Archive for August, 2011

Executive Security Awareness Training

August 11th, 2011 Comments off

Should your executives be trained in basic security awareness and techniques? What can you do to spark interest? What if they don’t perceive the need? Is training effective in changing their attitudes and behaviors? What should this training consist of? These questions haunt corporate security VP’s, directors and managers…and they should.

Some issues that you can use to broach the topic:

  • Ask the executive if they have ever been followed to their work or home
  • Do they realize what is on the internet about them – have a full internet targeting report of publically available data (with photos) already done
  • Has the organization had any controversy with product, policy or practices
  • Has the organization recently had to reduce staff
  • Is the stock price plummeting

Using fear tactics does not work and is resented. It is better to reflect on the impact on the business if something happens to them. Be careful about using the “you owe it to your family” argument. A subtle, caring, but business-like approach has the highest chance for acceptance.

Effective training should offer them a perspective that is not what they think of day-to-day. They should be given the opportunity to view themselves from a potential adversary’s position. What value do they offer the potential attacker; balanced against the apparent risks involved for the attacker. This is not how anybody wants to view themselves but the position that these executives hold has its cost. Just like with celebrities, they give up some privacy and some anonymity.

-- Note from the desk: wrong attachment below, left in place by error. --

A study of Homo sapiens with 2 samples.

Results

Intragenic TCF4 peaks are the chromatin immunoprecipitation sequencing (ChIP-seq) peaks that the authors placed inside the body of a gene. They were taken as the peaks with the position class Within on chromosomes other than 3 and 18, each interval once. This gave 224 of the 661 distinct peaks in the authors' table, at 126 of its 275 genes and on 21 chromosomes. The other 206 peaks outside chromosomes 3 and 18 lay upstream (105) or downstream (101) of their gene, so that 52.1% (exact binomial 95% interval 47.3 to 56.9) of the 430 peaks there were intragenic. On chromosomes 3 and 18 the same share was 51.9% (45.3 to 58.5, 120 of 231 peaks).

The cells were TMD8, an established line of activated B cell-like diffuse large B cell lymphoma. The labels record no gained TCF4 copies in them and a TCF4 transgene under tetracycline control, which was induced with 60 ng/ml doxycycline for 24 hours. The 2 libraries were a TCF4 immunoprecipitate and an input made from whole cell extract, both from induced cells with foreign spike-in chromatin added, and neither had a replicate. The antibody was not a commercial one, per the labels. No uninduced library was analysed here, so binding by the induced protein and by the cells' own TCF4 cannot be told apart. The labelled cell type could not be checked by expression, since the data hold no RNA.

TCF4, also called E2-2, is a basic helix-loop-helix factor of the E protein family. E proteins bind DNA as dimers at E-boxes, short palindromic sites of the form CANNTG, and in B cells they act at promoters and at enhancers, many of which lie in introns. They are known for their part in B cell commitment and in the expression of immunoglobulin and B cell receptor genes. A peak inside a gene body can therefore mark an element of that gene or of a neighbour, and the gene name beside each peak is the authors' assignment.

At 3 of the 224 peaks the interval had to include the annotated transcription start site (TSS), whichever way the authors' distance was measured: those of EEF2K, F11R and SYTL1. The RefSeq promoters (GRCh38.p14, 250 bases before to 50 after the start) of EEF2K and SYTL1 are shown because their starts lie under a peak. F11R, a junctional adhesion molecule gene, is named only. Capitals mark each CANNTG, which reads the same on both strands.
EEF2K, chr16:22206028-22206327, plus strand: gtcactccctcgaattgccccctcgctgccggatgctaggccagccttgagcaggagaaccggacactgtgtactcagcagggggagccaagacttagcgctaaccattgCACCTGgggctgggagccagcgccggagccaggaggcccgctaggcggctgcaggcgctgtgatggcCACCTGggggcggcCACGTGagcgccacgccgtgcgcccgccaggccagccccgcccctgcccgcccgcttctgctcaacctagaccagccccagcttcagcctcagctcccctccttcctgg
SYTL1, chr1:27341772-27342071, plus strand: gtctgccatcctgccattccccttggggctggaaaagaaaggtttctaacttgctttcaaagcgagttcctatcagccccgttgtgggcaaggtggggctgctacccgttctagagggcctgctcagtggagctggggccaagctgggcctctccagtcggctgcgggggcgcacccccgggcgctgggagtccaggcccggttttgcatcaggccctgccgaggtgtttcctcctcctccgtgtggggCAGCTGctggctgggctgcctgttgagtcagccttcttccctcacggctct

The security awareness training should be done in a private/semi-private briefing using a ‘to the point’, logic driven format.

Content should include:

  • Target selection criteria
  • Past factual case examples
  • Surveillance and surveillance detection
  • Daily route and schedule planning
  • Home security awareness
  • Evasive driving

The most important factor to convey is that they can affect whether they are targeted but they will never be congratulated for doing so. You cannot document prevention but that should not diminish its value. They also do not have to totally disrupt their day, their schedule, or their personal style of engaging with people. Instead of just trusting to luck that nothing will ever happen, teach them to implement some basic precautions and know when to apply them.

Check out the IMAC online training course “Self-Applied Protective Measures for Executives” or call for a discrete private briefing at 440.878.5114.